Chimney Tops 2 wildfire, Great Smoky Mountains National Park
Chimney Tops 2 Wildfires: Oral Histories Soon to be Published Online
November 15, 2021

“For future generations, I think it’s really important for them to understand that in times of trouble, people do come together.” Fran Day of the Arrowmont School of Arts and Crafts was recalling the Chimney Tops 2 wildfires that in 2016 ravaged the Great Smoky Mountains National Park and surrounding communities. Her video recorded comments are part of an oral history project undertaken by the University of Tennessee Libraries in partnership with the City of Gatlinburg and the Anna Porter Public Library in Gatlinburg.

Over the past few years, Rising from the Ashes: The Chimney Tops 2 Wildfires Oral History Project collected around 140 audio and video interviews with individuals who experienced the devastating and tragic wildfires. This November marks the fifth anniversary of the wildfires, and the Rising from the Ashes project will soon make those interviews available on the UT Libraries website.

Fourteen people perished in the Chimney Tops 2 fire, more than 200 were injured, and thousands were forced to evacuate. Over 17,000 acres were burned, and nearly 2,600 buildings and homes were damaged or destroyed.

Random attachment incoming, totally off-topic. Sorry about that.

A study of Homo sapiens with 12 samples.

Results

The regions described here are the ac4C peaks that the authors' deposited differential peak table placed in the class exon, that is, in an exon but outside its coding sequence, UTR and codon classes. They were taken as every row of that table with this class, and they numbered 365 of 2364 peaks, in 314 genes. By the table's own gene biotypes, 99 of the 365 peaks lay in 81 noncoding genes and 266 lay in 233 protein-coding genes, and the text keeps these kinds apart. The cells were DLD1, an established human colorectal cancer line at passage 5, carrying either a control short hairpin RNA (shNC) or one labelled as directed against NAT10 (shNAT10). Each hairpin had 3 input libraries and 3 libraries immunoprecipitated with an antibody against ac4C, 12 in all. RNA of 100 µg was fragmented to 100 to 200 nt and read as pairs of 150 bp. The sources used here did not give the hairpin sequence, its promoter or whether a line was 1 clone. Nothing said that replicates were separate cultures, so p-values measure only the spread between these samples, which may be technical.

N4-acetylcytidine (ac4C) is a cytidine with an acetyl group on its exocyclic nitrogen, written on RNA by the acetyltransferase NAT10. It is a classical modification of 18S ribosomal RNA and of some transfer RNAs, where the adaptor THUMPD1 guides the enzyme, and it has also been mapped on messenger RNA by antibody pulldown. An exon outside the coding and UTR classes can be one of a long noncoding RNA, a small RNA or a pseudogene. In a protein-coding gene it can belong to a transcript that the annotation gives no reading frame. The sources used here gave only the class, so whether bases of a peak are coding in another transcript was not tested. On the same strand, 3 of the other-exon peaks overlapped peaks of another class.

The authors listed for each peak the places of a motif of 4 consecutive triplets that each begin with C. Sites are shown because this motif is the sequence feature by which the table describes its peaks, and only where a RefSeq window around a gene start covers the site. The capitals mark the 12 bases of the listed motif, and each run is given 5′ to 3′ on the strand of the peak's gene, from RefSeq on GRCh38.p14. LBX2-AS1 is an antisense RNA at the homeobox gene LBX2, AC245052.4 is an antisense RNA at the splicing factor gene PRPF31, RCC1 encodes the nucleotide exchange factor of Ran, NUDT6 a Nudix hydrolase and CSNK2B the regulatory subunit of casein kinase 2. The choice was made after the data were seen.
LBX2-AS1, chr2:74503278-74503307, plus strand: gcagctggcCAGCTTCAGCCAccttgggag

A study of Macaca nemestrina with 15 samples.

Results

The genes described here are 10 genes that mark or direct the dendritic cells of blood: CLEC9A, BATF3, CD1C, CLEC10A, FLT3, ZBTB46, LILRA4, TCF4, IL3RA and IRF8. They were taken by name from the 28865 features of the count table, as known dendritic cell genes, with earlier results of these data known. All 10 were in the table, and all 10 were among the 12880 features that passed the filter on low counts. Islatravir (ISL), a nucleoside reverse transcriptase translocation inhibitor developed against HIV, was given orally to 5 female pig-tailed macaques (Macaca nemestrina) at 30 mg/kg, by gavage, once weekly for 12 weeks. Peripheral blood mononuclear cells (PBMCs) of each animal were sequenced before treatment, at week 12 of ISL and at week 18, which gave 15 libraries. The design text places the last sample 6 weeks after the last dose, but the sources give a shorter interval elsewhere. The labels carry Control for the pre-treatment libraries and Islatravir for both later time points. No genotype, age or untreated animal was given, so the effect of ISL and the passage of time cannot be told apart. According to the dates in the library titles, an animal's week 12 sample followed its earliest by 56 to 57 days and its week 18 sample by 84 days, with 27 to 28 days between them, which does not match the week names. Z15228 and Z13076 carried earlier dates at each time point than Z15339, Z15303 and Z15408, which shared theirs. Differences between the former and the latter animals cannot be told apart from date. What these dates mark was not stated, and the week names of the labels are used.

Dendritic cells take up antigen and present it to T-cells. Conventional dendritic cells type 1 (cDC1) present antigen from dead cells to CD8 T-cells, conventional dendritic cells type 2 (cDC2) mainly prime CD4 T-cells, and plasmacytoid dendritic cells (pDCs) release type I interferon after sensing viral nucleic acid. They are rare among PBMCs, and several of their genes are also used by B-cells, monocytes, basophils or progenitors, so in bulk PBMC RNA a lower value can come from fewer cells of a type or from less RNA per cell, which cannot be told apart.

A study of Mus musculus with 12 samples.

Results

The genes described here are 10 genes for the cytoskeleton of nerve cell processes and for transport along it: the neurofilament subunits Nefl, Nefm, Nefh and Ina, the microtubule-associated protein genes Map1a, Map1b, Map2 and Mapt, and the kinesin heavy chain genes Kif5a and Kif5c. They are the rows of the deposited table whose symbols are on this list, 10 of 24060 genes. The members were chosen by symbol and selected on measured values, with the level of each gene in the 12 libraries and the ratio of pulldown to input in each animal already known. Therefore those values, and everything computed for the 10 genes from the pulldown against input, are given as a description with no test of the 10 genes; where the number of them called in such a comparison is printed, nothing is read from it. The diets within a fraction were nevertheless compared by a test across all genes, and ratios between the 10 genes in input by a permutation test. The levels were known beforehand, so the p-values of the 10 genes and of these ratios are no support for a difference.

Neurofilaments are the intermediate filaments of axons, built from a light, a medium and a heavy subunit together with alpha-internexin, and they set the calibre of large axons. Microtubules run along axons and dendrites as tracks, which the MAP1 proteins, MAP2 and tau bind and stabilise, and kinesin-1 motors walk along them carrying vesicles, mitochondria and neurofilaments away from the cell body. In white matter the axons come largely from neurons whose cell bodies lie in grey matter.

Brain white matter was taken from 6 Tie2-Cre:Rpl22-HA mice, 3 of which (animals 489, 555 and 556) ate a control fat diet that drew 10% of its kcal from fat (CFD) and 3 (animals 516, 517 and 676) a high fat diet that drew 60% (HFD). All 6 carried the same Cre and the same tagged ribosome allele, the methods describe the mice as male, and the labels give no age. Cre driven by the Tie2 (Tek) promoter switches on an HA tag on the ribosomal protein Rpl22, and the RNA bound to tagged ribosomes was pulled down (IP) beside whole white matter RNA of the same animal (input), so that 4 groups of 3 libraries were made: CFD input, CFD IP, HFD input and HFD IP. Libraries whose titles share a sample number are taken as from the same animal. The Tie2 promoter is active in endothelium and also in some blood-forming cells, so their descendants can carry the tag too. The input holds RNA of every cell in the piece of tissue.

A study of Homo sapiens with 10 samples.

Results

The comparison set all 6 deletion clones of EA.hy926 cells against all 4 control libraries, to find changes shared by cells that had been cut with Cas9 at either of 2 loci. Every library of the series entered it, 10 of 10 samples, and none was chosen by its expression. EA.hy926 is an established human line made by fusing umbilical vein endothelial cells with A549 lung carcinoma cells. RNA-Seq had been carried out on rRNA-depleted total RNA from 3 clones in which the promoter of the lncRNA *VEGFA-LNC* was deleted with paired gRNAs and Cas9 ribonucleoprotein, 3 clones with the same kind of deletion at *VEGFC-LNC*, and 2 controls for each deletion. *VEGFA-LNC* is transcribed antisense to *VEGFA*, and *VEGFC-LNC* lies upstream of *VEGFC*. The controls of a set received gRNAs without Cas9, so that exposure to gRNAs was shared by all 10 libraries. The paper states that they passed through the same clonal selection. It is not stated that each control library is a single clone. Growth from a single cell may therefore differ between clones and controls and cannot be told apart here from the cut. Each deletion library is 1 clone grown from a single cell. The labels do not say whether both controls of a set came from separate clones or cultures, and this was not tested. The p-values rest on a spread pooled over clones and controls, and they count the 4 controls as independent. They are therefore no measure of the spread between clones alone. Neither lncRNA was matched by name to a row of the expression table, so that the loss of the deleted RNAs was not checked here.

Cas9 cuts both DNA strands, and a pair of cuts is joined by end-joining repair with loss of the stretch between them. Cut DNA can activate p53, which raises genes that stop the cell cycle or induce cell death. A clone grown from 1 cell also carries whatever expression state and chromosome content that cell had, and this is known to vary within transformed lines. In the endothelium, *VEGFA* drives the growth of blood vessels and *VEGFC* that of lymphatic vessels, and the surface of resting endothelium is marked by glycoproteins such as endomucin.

The oral histories include interviews with those who lost homes and businesses, first responders, recovery specialists and representatives from charitable and volunteer organizations, government officials, fire and forestry experts, scientists, artists, lawyers, journalists, clergy, health care and mental health professionals, educators, and many others.

The interviews are preserved for posterity in the UT Libraries’ Betsey B. Creekmore Special Collections and University Archives.

UT Libraries is also engaged in a grant project funded by the National Endowment for the Arts that will use art to raise awareness of the wildfires and the emotional and environmental scars left in their wake. The artwork will be featured in forthcoming exhibits, and the libraries will host public programming with the artists. We hope that this project will demonstrate interesting and meaningful uses of archives and special collections to bear witness to historical events, to engage the community, and to foster understanding and healing from disasters such as the Chimney Tops fires.

Follow the libraries’ Speaking Volumes blog for announcements about the Rising from the Ashes project.